Annie Glidden North Revitalization plan moves forward with early action project


Members from the Annie Glidden North community form small teams to discuss various improvement areas.

By Jessie Kern

Moving forward with the Annie Glidden North Revitalization effort, community members contributed their interpretation of what the area’s vision should be as a result of the different renovation projects.

The overarching goal of the Annie Glidden North Revitalization plan is to improve the quality of life for all residents in the area by implementing different changes developed based on community member concerns. A second community meeting was held Thursday evening at Westminster Presbyterian Church, 830 N. Annie Glidden Road.

As established at the first community meeting Sept. 27, the Annie Glidden North Revitalization plan is looking into early action projects. These projects are low-cost and will act as stepping stones toward improving the community.

“The purpose of these [early action projects] is to build positive momentum, start to bring people together to improve the neighborhood and to get people involved so they want to be moving the overall plan forward,” said Adam Rosa, representative of Camiros, a planning firm focused on neighborhood improvement.

Attendees voted on which early action project they felt should be pursued first.

Those options included creating an information or help kiosk, enacting a neighborhood cleanup, hosting a block party, have a lighting assessment for streets and walking paths, neighborhood branding, creating a farmers market located in the Annie Glidden north area or holding events at Welsh Park, 651 Russell Road, to refocus it as a community space.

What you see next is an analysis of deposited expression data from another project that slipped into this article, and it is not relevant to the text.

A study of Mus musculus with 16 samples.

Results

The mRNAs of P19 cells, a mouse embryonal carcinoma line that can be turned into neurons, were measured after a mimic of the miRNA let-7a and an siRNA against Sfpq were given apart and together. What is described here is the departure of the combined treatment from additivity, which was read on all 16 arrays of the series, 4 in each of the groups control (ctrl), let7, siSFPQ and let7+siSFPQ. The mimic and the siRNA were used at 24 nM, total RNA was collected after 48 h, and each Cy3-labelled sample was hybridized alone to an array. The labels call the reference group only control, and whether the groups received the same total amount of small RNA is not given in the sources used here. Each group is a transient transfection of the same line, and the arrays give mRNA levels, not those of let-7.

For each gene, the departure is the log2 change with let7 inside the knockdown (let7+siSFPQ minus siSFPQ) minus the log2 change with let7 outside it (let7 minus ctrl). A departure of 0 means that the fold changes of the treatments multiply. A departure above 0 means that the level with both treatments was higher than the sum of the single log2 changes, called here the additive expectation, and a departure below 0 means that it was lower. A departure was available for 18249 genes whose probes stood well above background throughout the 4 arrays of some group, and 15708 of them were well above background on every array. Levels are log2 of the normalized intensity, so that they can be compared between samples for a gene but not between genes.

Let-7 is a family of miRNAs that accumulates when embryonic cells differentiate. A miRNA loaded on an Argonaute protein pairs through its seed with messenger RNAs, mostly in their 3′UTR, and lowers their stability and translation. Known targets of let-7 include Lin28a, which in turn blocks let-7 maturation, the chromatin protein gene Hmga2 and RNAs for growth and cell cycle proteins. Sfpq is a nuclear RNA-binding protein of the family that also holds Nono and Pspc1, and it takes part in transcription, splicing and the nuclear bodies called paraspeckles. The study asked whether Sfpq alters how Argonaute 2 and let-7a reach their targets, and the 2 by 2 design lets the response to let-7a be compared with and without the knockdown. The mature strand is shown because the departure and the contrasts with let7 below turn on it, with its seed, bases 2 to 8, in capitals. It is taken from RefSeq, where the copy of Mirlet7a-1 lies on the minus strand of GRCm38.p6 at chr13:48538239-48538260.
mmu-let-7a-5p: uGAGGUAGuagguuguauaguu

After receiving 30 votes, it was decided that a lighting assessment will take priority. As brought forth in the first community meeting, a big concern among community members was the lack of lighting on streets. As of the past week, ComEd has began repairing streetlights. Tree trimming has also been completed at Greenbrier Road from Normal Road to Hillcrest Drive and John Street/College Avenue to improve lighting.

The revitalization plan is a quarter of the way complete. The Thursday evening meeting was part of the “Visioning for the Future” step, which looked into five specific areas of the Annie Glidden North quadrant and the changes community members hope to see once the revitalization effort is completed.

During the meeting, residents broke off into groups, studied targeted areas and produced suggestions for different options of revitalizing their respective areas.

“I appreciate that they’re actually listening to us as a whole and taking in all of our different thought processes with the exercise,” said senior marketing major Madeline Alger. “Just the three tables that presented had all varying ideas, so I’m excited to see what they tally it up to be.”

As part of the neighborhood branding effort, community members were able to write in their idea for renaming the Annie Glidden North area. Community members proposed names such as Glidden Glen, University Townlet and Annie Glidden Fields.

Though the community meeting was intended to address projects involved in the Annie Glidden North Revitalization plan, recent events involving crime and safety concerns shifted the discussion. Representatives of the DeKalb Police Department provided community members with an update of the efforts being made to address recent safety concerns tied to the spike in gun violence.

“What you’ll see out there is you’ll see state troopers and other outside agencies that are helping us focus on these problem areas where some of these critical incidents have happened,” Deputy Chief John Petragallo said.

Three units from the DeKalb Police Department were highlighted in terms of the efforts going toward addressing safety concerns, including the Community Policing Unit, the Targeted Response Unit and the Problem-Oriented Response Initiative.

“Safety and crime is a topic of the Annie Glidden Revitalization plan, but it is only one of the topics,” Rosa said. “We know that crime is like a symptom of some underlying issues, and we hope that this planning effort helps address those issues.”